If you want to test an airline for customer friendliness, level of service, and flexibility, there is nothing better than to throw some kids at them. If you want to test them for basic humane treatment, try throwing a sick kid at them. The ultimate test is to throw a sick kid plus a sick mother, hard.
Czech Airlines is wonderful. They will take your child from you, they will cluster around you and the kid and a flight attendant will find an empty row and prepare a little bed for your child. When the kid finally sleeps and you sink back into your seat, the same flight attendant will come along and ask, "And now, what can I do for you, Ma'am? Do you want to eat now? Or would you like some coffee?"
Lufthansa, not exactly known for Germanic exuberance, will actually provide a wheel chair to get onboard, will place you carefully in your seat, and ask you multiple times if there is anything, anything they could do for you, are you quite sure?
United will give you extra crackers, and steal milk from First Class, and cast worried looks into your direction, until they find a seat with an empty one next to you, so that you and your below-2-year-old are comfortable.
Tarom will take the kid and you won't get it back from the gushing flight attendants until you land at your destination. They will unfold the stroller and help you with the kid, and are you really all right now?
Air France will take your stroller from you and insist on checking it in with the luggage. No, you cannot get the stroller at your layover in Paris. Absolutely not. You cannot walk with the sick child on your arm? Well, maybe we can get a wheel chair for you. We will see but do get on board and not on our nerves now. You want a meal for your child? But your child does not have a seat, pardon, we can't give you food for your baby, and no, we have no milk. And sorry about that pesticide we spray you with before take-off but that is actually in accordance with international regulations, and completely harmless to you, we are sure. Oh, the wheel chair person didn't show up in Paris? Quel malheur. Oh, this means you have to carry your sick child and your sick self from one terminal to the other, by foot, a twenty-minute walk? You have to stand in line for half an hour at the immigration, with two of eight counters open, and your kid struggling in your arms – and you can't put the kid down because he will run away, and remember, you don't have your stroller? That is too bad. Then you get to the check-in and you actually think of checking whether your luggage and the stroller have made in onboard because you remember past experience, and they say yes, madame, all is okay, all is accounted for. You sigh a breath of relief until you get to Frankfurt and the stroller is not there. You bring yourself and your child to the hospital, and hope for the best, only to hear that the Air France person rang the door bell at your parents at 11:30 at night to deliver the stroller. When nobody opened, they rang out the neighbors and dropped the stroller off there. Imagine your surprise when you find out that the stroller is – completely and irreparably trashed. (Which is, incidentally, the fourth stroller they managed to destroy in as many flights.) When you call the number they attached to the stroller, you get a list of things they want you to do, including an estimate of the stroller damage (when the wheel rim is ripped off the base and all sorts of spiky metal things threaten to slash everything in vicinity, I don't actually think you need a damage report). And when you say, this is the fourth time we get a stroller trashed, and I just had a miscarriage and don't feel up to finding a repair shop, they get all snippy at you. And when you say, "I don't feel treated very well by Air France" the answer is "We treat all passengers like that", really, what is there to say?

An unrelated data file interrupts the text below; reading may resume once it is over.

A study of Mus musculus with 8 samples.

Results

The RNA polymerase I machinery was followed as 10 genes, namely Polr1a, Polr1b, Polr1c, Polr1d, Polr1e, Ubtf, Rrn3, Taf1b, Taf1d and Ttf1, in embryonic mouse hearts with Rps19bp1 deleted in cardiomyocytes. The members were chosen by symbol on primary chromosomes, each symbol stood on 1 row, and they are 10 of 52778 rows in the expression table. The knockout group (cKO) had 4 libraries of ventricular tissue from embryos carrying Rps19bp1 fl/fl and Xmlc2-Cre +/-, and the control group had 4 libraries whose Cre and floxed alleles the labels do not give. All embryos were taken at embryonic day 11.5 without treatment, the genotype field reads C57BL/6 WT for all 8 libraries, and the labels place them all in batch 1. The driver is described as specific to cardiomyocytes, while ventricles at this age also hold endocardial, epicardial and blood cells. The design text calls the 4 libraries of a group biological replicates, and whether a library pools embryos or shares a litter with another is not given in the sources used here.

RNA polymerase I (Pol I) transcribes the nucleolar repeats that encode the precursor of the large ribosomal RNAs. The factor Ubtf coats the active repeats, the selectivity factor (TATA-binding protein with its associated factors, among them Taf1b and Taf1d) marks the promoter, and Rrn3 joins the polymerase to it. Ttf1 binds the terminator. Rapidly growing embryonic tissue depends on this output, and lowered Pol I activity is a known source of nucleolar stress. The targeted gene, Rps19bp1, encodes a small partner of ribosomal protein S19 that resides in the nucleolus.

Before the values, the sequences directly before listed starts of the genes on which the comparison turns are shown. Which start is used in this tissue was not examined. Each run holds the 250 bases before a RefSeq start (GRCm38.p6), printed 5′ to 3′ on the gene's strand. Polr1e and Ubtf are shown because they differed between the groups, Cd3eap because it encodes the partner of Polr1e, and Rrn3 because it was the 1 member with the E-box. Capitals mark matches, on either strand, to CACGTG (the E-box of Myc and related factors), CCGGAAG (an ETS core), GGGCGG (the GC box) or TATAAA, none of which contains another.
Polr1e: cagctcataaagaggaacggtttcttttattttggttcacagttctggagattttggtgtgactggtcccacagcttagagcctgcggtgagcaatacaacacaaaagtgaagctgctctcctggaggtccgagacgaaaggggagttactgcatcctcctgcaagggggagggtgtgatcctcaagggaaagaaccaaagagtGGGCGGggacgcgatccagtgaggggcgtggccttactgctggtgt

Or maybe this: Don't ever fly with Air France when you fly with kids, or even if you don't have kids with you. Just don't. The food is lousy, the service is arrogant and condescending, the baggage handling resembles torture techniques, and every single employee treats you like a pest. They suck worse than tsetse flies. And Charles de Gaulle, needless to say, is the worst airport in the world.
I am going to write several letters of complaint to Air France, and I'm going to assemble a web page filled with horror stories about Air France, because I feel it's necessary to warn parents about this incredibly horrible airline. If you have any similar experiences, please write to me. I will include all valid (i.e. real) stories. Yes, I'm pissed. Yes, I'm bitter. I have a right to it.